COLUMBUS - The state is preparing to assign an identification number to each of Ohio's 1.8 million public schoolchildren to help track and improve academic performance.
The proposal concerns the American Civil Liberties Union of Ohio, which has asked the state for details on the plan.
The Department of Education says the Statewide Student Identifier System will be in place for the upcoming school year. The state will use the system to study which programs are effective and which students need extra help, said department spokesman J.C. Benton.
Lawmakers approved the concept of the system two years ago when they overhauled the way the department collects data. The system will also help Ohio comply with the education bill signed by President Bush in January.
Last year, districts started reporting proficiency test scores based on a child's gender and race after lawmakers revamped Ohio's proficiency test systems.
Although the state has received such information in summary form before, this will be the first time it will have information on individual students, Mr. Benton said. "Really, we're not collecting anything more than we collect now when Joey starts the first day of kindergarten," he said.
The department won't have any personal information on students and will track them only by a number.
The system requires schools to collect eight pieces of identifying information, including a student's name, date of birth, place of birth, ethnicity, and gender. The information is given to New York-based PwC Consulting, which then assigns an identification number for each student.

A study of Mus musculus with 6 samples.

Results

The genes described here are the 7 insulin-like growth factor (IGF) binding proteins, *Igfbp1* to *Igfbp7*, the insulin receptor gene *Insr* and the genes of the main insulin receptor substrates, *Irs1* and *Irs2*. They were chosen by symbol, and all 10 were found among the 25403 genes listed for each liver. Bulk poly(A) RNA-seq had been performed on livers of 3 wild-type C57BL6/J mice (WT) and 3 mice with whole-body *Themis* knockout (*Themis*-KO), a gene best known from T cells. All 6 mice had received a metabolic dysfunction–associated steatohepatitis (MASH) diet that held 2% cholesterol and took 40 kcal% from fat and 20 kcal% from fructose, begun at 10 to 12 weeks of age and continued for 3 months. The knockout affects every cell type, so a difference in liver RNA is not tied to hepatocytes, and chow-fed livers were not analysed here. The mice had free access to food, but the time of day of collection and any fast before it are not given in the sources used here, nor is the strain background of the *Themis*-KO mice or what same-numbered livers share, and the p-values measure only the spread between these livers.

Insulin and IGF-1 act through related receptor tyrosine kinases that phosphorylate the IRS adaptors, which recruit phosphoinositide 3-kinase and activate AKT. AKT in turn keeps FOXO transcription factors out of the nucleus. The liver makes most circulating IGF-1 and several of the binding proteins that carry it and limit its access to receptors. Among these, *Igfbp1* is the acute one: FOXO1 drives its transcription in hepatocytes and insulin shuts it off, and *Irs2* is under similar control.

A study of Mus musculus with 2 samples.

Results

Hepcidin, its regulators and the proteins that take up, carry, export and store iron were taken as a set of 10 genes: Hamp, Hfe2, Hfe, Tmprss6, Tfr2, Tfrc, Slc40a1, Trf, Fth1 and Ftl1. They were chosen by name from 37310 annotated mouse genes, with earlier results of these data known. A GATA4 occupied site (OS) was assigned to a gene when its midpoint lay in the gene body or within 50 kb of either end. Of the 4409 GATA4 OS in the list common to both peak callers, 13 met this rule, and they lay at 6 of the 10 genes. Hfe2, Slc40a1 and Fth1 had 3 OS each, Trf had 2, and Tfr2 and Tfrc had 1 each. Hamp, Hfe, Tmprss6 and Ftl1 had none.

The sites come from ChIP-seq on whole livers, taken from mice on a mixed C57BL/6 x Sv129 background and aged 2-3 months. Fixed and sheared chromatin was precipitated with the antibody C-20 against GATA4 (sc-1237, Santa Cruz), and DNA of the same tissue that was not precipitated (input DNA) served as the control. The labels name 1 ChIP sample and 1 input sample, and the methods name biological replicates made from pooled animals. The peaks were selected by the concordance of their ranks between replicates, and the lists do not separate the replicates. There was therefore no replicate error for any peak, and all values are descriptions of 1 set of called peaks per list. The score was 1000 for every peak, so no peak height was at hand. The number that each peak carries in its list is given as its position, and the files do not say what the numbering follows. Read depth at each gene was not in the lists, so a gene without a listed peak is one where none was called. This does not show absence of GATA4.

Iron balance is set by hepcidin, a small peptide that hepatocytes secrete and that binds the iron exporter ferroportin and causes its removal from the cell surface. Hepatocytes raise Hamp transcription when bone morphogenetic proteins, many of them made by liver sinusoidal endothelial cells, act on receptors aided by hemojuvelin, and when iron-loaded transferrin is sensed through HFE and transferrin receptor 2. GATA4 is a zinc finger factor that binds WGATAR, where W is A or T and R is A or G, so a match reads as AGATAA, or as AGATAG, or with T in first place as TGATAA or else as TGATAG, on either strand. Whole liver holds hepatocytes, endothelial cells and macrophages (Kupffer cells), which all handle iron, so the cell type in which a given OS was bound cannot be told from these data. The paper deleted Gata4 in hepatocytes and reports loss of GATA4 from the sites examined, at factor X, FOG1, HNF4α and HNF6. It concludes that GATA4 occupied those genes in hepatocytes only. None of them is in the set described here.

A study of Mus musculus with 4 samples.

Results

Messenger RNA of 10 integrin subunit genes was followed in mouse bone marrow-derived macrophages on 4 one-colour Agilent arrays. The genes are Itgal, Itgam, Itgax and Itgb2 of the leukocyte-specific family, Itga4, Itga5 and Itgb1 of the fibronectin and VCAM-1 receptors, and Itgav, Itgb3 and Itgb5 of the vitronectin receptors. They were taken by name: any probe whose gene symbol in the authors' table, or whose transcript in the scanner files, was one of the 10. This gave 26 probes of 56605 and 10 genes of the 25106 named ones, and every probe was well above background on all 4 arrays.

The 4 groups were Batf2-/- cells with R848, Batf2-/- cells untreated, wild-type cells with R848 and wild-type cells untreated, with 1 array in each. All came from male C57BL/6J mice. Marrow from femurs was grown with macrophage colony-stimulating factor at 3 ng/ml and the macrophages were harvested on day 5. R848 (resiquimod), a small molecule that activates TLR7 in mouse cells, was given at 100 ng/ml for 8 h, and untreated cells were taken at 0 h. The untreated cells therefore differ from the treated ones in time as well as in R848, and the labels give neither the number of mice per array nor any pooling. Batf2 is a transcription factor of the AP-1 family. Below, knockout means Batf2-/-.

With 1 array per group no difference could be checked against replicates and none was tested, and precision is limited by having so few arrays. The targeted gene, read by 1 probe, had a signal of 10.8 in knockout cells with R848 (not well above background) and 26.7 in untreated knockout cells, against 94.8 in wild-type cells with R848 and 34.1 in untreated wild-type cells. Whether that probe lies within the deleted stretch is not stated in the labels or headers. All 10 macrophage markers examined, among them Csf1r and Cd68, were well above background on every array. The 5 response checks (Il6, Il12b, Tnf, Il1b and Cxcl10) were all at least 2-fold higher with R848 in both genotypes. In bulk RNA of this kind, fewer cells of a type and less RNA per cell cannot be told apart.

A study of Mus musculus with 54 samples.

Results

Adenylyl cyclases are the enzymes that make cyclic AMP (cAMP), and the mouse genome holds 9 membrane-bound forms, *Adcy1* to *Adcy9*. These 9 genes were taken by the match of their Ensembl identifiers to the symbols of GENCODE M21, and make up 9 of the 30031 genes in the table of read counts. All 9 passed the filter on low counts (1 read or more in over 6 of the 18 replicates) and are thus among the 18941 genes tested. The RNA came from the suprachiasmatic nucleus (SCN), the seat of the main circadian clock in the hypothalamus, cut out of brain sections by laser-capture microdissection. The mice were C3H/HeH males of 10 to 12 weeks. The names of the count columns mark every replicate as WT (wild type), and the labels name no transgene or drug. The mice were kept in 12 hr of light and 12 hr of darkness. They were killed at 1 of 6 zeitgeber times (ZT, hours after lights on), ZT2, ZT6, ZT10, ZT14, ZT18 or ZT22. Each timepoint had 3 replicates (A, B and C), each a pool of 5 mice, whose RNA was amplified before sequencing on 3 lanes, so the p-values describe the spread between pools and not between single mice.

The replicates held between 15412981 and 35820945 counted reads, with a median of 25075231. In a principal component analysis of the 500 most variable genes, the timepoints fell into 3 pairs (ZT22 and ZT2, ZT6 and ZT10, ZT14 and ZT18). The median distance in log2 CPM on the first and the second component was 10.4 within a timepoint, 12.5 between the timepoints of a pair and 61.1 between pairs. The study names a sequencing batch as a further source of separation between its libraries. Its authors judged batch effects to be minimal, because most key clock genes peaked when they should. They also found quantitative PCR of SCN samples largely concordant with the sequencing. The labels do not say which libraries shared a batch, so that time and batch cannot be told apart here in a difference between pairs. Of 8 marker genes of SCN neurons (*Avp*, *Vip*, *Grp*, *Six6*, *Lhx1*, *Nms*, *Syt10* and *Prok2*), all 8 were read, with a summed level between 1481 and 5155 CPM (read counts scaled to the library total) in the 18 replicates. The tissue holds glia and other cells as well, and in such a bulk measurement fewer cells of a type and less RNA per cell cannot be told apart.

The education department is paying the firm $1.25 million to manage the program. The company, a division of accounting and consulting firm PricewaterhouseCoopers, will not receive any academic information about a child.
The system has "the most advanced security features available" for transmitting and storing information, Mr. Benton said.
Nevertheless, the ACLU of Ohio filed a public records request with the education department for all details about the project.
"We're talking about the government collecting and collating vast amount of information about students," said Raymond Vasvari, ACLU legal director. "Once you start collecting data and putting it together in ways not generally available without doing the collecting, all sorts of questions arise."
Akron city's school board decided to provide only the information required this year rather than include additional data - such as a student's middle name and place of birth - which will be required next year.
Robert Rachor, who directs Toledo city schools' data collection and analysis, said he supports the system's goals and believes the proper privacy protection is in place.
"My concern is there is so much data being collected on kids that I worry about the accuracy of the data," he said. "People don't have time to check it all."
Other states are creating such reporting systems.
In Iowa, education officials last month predicted they would need a similar identification number.
Michigan is creating the Michigan Education Information System, although some districts have complained about the time and money they're spending on the project.